A Fourth of July Symbol of Unity That May No Longer Unite


At its 1777 inception, the flag’s very design signified unity, the joining of the 13 colonies, said John R. Vile, a professor of political science and a dean at Middle Tennessee State University.

Politicizing the American flag is thus a perversion of its original intent, according to Professor Vile, who is also the author of “The American Flag: An Encyclopedia of the Stars and Stripes In U.S. History, Culture and Law.” He added, “We can’t allow that to happen.”

“It’s E Pluribus Unum — from many, one,” he said, citing the Latin motto on the Great Seal of the United States. “If the pluribus overwhelms the unum, then what do we have left?”

The sentiment of some conservatives is that a line was drawn when Colin Kaepernick, the former National Football League quarterback, set off a national movement protesting the shootings of Black men by police by taking a knee during the anthem in 2016. His kneeling protest, Mr. Kaepernick has said, still demonstrated respect for the flag, but others saw him as hijacking the flag for political purposes.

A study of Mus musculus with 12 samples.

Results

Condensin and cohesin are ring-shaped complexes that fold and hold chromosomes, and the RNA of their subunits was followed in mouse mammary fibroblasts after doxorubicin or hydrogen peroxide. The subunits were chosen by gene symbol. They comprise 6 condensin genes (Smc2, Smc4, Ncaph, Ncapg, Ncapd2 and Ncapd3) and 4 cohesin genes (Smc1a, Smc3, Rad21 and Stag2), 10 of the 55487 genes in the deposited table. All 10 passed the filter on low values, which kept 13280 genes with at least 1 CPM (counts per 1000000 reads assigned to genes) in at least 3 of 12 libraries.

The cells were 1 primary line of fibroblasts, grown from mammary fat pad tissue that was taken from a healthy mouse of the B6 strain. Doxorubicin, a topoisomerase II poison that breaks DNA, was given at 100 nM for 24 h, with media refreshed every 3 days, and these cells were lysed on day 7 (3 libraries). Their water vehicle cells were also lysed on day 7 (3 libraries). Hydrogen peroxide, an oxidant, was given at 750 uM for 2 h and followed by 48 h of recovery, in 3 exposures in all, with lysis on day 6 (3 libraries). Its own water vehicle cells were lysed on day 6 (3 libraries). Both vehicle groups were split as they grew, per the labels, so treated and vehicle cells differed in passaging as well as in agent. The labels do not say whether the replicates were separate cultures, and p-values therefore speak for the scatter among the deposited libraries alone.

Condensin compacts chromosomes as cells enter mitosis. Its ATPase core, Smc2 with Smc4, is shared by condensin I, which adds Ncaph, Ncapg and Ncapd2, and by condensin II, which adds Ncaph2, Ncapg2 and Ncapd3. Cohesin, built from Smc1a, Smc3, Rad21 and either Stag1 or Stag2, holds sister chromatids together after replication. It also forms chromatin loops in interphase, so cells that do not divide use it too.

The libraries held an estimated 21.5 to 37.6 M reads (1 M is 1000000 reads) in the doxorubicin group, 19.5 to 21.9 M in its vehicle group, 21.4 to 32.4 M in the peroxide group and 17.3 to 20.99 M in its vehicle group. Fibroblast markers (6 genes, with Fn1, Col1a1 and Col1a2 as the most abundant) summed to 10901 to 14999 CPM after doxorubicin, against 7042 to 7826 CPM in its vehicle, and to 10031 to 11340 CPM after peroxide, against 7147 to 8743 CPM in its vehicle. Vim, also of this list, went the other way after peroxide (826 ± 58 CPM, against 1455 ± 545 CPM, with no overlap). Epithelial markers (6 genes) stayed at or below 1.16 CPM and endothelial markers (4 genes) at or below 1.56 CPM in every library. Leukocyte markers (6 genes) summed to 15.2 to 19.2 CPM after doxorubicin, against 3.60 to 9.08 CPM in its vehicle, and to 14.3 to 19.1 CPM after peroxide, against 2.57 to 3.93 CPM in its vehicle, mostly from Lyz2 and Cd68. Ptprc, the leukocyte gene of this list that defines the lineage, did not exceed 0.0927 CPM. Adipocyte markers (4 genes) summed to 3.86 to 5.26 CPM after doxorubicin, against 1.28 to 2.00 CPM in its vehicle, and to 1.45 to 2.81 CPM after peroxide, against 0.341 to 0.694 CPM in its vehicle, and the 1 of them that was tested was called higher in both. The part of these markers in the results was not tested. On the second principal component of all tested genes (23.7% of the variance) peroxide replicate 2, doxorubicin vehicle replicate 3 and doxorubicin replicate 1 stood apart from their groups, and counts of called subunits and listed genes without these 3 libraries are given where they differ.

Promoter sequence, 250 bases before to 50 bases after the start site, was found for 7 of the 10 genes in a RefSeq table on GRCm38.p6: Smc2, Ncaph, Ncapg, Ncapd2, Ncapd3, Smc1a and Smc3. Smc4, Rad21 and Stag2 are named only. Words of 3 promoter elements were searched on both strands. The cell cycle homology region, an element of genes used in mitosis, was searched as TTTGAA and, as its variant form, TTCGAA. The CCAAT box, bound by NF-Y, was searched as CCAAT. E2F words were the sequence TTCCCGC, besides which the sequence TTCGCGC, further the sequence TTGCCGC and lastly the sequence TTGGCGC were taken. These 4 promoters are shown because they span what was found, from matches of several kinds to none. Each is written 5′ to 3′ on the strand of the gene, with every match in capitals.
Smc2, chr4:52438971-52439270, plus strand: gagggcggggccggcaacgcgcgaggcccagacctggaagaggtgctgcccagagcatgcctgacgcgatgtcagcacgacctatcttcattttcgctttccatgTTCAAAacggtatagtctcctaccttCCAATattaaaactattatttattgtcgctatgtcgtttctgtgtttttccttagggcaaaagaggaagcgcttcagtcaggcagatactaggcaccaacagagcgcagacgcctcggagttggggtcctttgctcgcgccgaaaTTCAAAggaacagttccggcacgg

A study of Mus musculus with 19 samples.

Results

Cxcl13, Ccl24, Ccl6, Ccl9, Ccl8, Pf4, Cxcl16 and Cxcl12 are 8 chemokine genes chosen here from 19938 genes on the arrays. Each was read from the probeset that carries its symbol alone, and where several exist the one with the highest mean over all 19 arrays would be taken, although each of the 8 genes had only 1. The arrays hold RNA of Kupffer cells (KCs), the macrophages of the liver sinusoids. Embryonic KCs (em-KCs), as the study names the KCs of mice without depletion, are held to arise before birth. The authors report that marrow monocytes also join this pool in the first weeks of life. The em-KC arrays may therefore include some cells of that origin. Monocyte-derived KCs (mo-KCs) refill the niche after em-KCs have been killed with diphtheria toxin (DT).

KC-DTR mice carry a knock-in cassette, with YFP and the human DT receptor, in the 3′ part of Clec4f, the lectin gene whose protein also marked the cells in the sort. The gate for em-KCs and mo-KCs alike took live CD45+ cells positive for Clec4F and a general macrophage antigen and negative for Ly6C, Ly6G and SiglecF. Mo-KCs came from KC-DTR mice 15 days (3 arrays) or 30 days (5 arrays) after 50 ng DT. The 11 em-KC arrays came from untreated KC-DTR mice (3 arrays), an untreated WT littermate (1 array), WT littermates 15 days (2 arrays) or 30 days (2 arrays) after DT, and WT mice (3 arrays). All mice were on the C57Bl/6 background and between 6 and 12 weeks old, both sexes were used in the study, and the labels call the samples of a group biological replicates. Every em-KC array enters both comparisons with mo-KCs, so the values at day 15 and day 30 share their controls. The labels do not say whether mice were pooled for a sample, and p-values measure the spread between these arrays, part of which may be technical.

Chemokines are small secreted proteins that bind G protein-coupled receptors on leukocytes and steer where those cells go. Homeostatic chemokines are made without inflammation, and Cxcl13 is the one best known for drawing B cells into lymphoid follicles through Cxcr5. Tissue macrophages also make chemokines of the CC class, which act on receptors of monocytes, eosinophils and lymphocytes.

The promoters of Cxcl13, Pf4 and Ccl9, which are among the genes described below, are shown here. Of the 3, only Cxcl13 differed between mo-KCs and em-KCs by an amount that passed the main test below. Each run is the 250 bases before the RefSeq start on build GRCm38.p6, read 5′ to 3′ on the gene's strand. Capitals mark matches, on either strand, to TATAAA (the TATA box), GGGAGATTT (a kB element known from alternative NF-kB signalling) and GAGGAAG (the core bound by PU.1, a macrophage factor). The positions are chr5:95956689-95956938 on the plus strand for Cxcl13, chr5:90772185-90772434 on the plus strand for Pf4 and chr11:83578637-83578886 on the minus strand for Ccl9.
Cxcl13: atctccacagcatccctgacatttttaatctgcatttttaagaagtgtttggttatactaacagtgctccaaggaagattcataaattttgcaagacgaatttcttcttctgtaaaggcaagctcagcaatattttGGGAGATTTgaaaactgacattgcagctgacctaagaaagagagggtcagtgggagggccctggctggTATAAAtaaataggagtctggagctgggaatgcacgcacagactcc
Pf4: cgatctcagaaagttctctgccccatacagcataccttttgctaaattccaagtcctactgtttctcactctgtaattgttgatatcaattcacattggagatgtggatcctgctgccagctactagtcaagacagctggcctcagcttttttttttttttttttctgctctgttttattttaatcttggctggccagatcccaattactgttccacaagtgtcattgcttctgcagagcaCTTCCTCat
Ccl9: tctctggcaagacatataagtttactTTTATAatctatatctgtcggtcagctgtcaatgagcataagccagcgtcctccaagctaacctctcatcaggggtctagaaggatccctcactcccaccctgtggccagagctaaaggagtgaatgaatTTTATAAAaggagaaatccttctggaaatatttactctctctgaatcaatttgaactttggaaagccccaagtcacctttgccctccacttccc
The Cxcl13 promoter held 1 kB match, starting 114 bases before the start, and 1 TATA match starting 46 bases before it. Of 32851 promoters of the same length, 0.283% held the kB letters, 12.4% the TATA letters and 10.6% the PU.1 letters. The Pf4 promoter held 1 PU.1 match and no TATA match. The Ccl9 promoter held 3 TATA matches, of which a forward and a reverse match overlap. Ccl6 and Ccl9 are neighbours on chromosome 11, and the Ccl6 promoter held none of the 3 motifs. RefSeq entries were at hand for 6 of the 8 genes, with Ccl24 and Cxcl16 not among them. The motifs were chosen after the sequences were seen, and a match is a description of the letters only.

Maryneily Rodriguez, 33, said she believed that Mr. Trump’s most fervent supporters had done the same. Ms. Rodriguez, who was visiting Greenport with her fiancé during the Fourth of July weekend, said that she once regularly flew the flag at her home in Freeport, about 80 miles west on Long Island, taking it down only in winter for safekeeping. But about three years ago when spring came, Ms. Rodriguez, who is Black and a Democrat, left the flag in storage. It hasn’t come out since.

“It felt like it didn’t belong to me anymore,” she said.

John Hocker, a Republican who said he sometimes votes Democratic, also said he felt the flag had lost its meaning of unity. Instead of saluting the same flag as one people, he said, too many Americans were modifying it to become emblems of their own identities or belief systems, for instance with rainbow stripes, a symbol of gay pride, or blue stripes to show solidarity with the police.